Yes. Yes, I am.

December 15, 2014

Appalachian Trials recently posted a link to an article written by fellow hiker Maggie Wallace – ‘8 Questions You SHOULD Ask a Thru-Hiker‘. In the article, she eludes to the ‘annoying’ questions that thru-hikers are repeatedly bombarded with.

Being a female and endeavoring to completing a solo thru-hike of the Appalachian Trail seems to generate genuine concern about my well-being. Maybe the feeling is not genuine is some folks case, but definitely casts doubt in the minds of those who will never understand why I would want to do something like this. Although this fact comes with it’s own set of annoying questions, the one single question that never fails to be asked by anyone I’ve mentioned the hike to is:

Q.: “Aren’t you afraid of hiking alone?”
A: “Yes. Yes I am.”

My short answer is simple. The long answer is also simple, but begs you to go beyond the niceties of social conversation and think about the question you just asked.

If I were flippant, I would immediately respond, “Wouldn’t you be afraid of hiking alone in the woods for 2,200 miles?”. I dare anyone to say ‘no’, because you would only be kidding yourself. Anyone in their right minds would have at least a bit of apprehension. I’m not a robot and I’m not a hero (and even heroes can be afraid), so of course, I’m afraid.

Let’s look at the series of questions that follow that dreadful first question (I would say about 50% of people who asked the first question ask these questions):

Q: “What if you run into a crazy person?”
Q: “What are you doing for safety?”
Q: “Are you bringing a weapon?”
Q: “What will you do if you get attacked?”
Q: “Why don’t you find someone else to go with you?”
Q: “Why do you have to do this by yourself?”
Q: “Are you sure you want to do this?”

Although I know that the intention is not so, those questions feel like an attempt to undermine what I’m trying to do. I can hear the uncertainty in their voice and see the disquiet in their eyes. This is something that I’ve chosen to do after long, hard deliberation and months of preparation. It is not something that has been entered into lightly and it offends me for anyone who really knows me to have any doubt in their mind that I haven’t thought this through. Every day I think about the things that scare me and that alone is daunting. However, if every time I chose not to do something out of fear, I would remain stagnant and never truly accomplish anything fulfilling. It’s doing that something in spite of the fear that makes your accomplishment all that more rewarding.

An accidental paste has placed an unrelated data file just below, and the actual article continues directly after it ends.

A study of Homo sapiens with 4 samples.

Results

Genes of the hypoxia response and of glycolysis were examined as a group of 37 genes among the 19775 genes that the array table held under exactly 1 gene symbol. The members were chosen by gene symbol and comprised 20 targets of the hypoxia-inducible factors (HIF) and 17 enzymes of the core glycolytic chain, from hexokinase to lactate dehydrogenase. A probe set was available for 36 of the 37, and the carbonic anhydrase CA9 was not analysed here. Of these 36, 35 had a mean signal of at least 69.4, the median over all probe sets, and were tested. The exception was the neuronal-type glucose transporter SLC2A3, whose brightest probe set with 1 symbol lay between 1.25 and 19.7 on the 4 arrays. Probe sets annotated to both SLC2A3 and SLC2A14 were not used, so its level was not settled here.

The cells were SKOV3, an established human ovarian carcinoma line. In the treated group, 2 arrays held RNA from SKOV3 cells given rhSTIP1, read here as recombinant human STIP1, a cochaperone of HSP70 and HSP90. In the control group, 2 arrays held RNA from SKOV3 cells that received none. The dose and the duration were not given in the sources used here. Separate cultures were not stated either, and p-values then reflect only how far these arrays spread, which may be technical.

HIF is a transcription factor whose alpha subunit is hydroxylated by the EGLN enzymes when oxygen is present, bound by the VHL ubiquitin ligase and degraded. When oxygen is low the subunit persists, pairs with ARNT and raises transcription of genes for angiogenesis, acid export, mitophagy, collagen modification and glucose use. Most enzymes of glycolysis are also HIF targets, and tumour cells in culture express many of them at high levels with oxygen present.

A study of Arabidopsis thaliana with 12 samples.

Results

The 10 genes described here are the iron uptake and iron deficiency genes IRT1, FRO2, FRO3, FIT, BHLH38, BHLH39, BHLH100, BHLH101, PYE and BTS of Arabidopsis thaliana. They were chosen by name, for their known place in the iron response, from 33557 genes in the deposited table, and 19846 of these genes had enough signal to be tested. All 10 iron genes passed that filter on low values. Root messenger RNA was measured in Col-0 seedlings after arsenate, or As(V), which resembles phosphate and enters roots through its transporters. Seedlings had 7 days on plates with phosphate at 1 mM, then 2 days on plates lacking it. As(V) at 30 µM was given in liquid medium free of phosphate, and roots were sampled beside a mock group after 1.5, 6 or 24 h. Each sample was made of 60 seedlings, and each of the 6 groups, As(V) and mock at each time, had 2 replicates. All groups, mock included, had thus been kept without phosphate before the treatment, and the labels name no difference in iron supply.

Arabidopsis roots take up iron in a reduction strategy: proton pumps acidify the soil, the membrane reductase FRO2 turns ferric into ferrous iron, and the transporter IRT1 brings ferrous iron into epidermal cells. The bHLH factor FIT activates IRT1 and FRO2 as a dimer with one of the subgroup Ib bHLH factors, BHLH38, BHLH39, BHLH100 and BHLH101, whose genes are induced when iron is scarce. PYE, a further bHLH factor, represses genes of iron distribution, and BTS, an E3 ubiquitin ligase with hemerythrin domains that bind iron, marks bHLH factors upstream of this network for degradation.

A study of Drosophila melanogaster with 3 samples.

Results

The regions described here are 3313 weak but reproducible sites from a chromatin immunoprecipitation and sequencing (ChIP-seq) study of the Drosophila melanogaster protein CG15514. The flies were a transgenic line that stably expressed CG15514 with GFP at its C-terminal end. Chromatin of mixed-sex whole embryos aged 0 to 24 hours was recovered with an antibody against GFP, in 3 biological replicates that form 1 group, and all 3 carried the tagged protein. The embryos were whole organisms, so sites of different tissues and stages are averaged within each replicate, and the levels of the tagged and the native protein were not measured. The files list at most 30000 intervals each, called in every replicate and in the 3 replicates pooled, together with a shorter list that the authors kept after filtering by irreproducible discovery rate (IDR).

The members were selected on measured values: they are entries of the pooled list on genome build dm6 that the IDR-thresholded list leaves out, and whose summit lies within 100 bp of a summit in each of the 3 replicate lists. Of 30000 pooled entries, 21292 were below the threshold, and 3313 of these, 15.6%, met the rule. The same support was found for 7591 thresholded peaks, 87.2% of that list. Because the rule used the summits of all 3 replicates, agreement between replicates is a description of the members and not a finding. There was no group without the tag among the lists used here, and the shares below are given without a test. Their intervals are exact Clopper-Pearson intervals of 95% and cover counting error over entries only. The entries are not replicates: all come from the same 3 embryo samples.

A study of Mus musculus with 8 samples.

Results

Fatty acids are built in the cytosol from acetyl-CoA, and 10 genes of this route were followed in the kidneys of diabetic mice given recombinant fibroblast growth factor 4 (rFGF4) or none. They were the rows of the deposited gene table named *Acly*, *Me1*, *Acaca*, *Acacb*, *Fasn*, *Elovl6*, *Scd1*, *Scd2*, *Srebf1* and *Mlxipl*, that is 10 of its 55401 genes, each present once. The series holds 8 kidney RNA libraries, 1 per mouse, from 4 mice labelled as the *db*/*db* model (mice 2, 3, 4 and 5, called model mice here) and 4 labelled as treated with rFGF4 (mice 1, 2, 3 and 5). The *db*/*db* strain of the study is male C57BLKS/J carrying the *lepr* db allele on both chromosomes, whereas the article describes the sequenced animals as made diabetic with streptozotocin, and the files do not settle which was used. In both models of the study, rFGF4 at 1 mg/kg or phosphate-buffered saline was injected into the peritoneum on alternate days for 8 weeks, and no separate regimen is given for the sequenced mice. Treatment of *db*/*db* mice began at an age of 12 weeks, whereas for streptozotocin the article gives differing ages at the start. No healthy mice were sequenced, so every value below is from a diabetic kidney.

So, about running into a crazy person on the trail…well, I’ve actually been committed before, so technically, who’s the crazy one? I feel a lot safer in the middle of the woods with other hikers, bears, coyote, trees, critters, and bugs than I do walking down the street in NYC. I don’t see any need to bring a weapon on the streets of NYC, so why would I have any need for a weapon out in the woods? If I get attacked, I’ll fight back. I can be a force to be reckoned with so be warned anybody looking to throw down in the middle of the woods! I don’t need anyone else to slow me down or for me to keep up with. Nobody has ever given me anything, I’ve always done for myself so why not do this too by myself? And finally, I’m absolutely, positively, one-hundred percent committed to doing this. There will have to be some misalignment in the stars to stop me now.

What am I afraid of? I have a list and although some of them are unfounded, they still haunt me nonetheless:

  • Getting disoriented and hiking the wrong way and walking miles before realizing it
  • Too many people on the trail
  • Lightning storms and my only cover being thin nylon 
  • Being beaten up by hail
  • Flash floods
  • Hunger-induced neuroses
  • Fatigue-induced neuroses
  • Having my depression relapse
  • Having to quit
  • Wanting to come home 
  • Not wanting to come home
  • Post-trail life 
  • Nighttime unknown critter noises (like that creepy footfall that sounds like a Sasquatch)
  • Losing toenails
  • Getting a parasitic infection (anyone ever watched ‘Monsters Inside Me’?)
  • Trail monotony
  • Boredom
  • Finally looking my age (the outdoorsman effect aka looking ‘weathered’)
  • My lack of culinary creativity
  • Sliding off the mountain
  • Getting washed away while trying to ford a river/stream
  • Not being able to find water
  • An apocalypse and me being the last to know
  • Things I haven’t thought of

So, Yes. Yes, I am. I’m afraid and I’m doing it anyway.

More about Go. Own It


    1. I think being the last one to know about an apocalypse is slightly less scary than being one of the first to know πŸ˜‰ Good luck, I look forward to following your journey!